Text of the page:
Recipes and Stories

8 April 2014: Baked, Boiled, and Roasted

April 8, 2014

Tags: Beets, Classical Southern Cooking, Baked Beets, Spring Roots, Annabella Hill, Southern Cooking

Baked Beets, cooked whole and simply split and buttered while still hot
“Beets have a finer flavor baked than boiled; it requires longer time to cook them this way.”

— Annabella Hill, Mrs. Hill’s New Cook Book, 1867

Here’s an odd and suggestive historical puzzle: many nineteenth century American cookbook authors agreed with Mrs. Hill, conceding that beets taste best when they are baked whole rather than boiled. And yet, not one of them, Mrs. Hill included, provided directions for doing it. (more…)

28 March 2011: Glazed Spring Turnips

March 28, 2011

Tags: Spring Roots, Historical Southern Cooking, Classic French Cooking

Among the best offerings of spring’s garden are the tender new roots that flourish in the slowly warming earth—the slim young carrots, bright beets and radishes, and sweet baby turnips. Rarely found in conventional markets, these delicacies are what make growing one’s own produce, or at the very least, finding the nearest Farmer’s Market, worthwhile.

Spring turnips in particular have a sweetness and delicacy that all too soon gives way to more robust flavors as the vegetables grow large and fat in summer’s lusty heat. To preserve their delicacy and bring out their best, I rarely look any further than this lovely two-hundred-year-old recipe from one of the South’s earliest (and still best) cookbooks:

Ragout of Turnips.

Peel as many small turnips as will fill a dish; put them into a stew pan with some butter and a little sugar, set them over a hot stove, shake them about, and turn them till they are a good brown; pour in half a pint of rich high seasoned gravy, stew the turnips till tender, and serve them with the gravy poured over them.”

— Mary Randolph, The Virginia House-wife, 1824.

Mrs. Randolph’s ragout is actually a classic French recipe for glazed turnips, one that she almost certainly learned from the French-trained cooks at Monticello. Jefferson’s great granddaughter, Martha Jefferson Trist Burke recalled having had the dish there, but unhappily her recollections were dim at best and her attempt at a recipe was, to put it bluntly, completely inept. Fortunately, her great-grandfather’s cookbook-writing cousin was paying better attention, because her rendition is lucid and absolutely right.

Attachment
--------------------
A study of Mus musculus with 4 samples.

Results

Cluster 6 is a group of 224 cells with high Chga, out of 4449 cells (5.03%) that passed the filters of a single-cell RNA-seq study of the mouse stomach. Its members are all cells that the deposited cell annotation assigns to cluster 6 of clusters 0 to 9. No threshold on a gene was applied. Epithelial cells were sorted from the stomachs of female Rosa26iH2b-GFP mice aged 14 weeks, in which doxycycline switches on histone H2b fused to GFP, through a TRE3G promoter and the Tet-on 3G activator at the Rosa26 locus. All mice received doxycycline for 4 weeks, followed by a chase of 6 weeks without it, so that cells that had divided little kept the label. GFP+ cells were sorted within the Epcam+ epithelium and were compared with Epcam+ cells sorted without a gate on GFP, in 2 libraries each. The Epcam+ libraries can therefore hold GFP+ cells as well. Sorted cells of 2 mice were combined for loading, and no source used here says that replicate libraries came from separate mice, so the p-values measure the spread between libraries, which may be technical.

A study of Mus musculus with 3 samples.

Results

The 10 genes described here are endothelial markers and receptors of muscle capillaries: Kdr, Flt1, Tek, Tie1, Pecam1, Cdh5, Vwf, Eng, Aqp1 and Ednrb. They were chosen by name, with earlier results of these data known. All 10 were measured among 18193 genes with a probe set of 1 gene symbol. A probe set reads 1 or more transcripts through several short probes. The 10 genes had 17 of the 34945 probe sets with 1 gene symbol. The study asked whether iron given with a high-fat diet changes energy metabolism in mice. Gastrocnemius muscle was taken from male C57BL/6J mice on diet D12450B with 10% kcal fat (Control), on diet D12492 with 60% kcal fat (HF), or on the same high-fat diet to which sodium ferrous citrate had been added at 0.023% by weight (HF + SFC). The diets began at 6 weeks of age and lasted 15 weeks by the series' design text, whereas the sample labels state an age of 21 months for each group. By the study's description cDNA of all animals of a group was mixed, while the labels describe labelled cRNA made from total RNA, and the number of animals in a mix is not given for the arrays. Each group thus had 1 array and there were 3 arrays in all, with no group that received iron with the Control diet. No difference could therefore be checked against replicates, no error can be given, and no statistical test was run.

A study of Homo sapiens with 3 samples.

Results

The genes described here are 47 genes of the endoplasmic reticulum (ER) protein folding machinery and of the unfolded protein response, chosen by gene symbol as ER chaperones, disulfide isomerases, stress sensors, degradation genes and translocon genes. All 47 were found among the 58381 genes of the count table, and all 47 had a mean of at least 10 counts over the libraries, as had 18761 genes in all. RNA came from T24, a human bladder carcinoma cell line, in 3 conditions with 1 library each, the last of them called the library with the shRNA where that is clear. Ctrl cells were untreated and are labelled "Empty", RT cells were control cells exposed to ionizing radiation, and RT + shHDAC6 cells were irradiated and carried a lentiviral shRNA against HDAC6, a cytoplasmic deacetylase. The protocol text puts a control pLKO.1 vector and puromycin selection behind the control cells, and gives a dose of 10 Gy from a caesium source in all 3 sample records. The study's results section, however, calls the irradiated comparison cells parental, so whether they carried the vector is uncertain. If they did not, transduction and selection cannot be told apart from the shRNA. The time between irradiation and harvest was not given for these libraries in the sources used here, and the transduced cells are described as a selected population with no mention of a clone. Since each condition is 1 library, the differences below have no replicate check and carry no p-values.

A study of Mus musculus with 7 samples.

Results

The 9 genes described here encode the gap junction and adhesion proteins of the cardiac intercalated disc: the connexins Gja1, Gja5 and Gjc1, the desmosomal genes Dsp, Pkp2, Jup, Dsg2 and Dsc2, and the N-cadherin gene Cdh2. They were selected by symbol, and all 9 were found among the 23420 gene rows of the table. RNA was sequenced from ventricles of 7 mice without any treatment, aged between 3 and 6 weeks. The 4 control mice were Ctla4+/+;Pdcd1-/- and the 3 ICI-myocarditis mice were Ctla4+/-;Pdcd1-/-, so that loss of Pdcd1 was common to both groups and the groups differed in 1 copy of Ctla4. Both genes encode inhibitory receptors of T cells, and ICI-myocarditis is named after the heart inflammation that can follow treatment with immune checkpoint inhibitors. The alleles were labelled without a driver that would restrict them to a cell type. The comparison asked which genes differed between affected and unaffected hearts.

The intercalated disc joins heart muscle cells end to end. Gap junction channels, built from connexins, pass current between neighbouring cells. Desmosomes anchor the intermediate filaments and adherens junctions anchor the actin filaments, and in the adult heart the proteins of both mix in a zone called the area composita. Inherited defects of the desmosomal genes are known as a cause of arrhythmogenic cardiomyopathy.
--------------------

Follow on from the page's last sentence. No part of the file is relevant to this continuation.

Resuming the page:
At Monticello, this would have been prepared (as Mrs. Randolph suggests) on the stew stove in the state-of-the-art French kitchen that Jefferson added to the south wing dependencies in 1809. Here, for modern cooks, is the same recipe with a little more illuminating detail.

Ragout of Turnips (Navets Glacés, or Glazed Turnips)
Serves 4

2 pounds very small young turnips of the same size
2-3 tablespoons unsalted butter
1 tablespoon sugar
1 cup rich, well seasoned veal or beef broth

Wash, peel, and trim the turnips to uniform rounds or ovals. Over medium heat, melt the butter in a sauté pan that will comfortably hold the turnips in one layer.

Add the turnips and raise the heat to medium high. Shake the pan until they are evenly coated with butter and then sprinkle the sugar over them. Sauté, shaking the pan to keep them rolling, until they are uniformly golden brown, about 4-to-5 minutes.

Add the broth, bring it to a boil, and then cover and reduce the heat to medium low. Simmer, frequently but gently shaking the pan, until the turnips are tender, about 10-15 minutes.

What Mrs. Randolph doesn’t tell us is that the “gravy” should be reduced to a glaze. If it isn’t, uncover and briefly raise the heat and cook until the liquid is almost evaporated, again gently but almost continuously shaking the pan. She also doesn’t mention what I usually do—swirl in a pat of fresh butter at the end, which is in keeping with classic technique.

Pour the turnips into a warm serving bowl and serve immediately.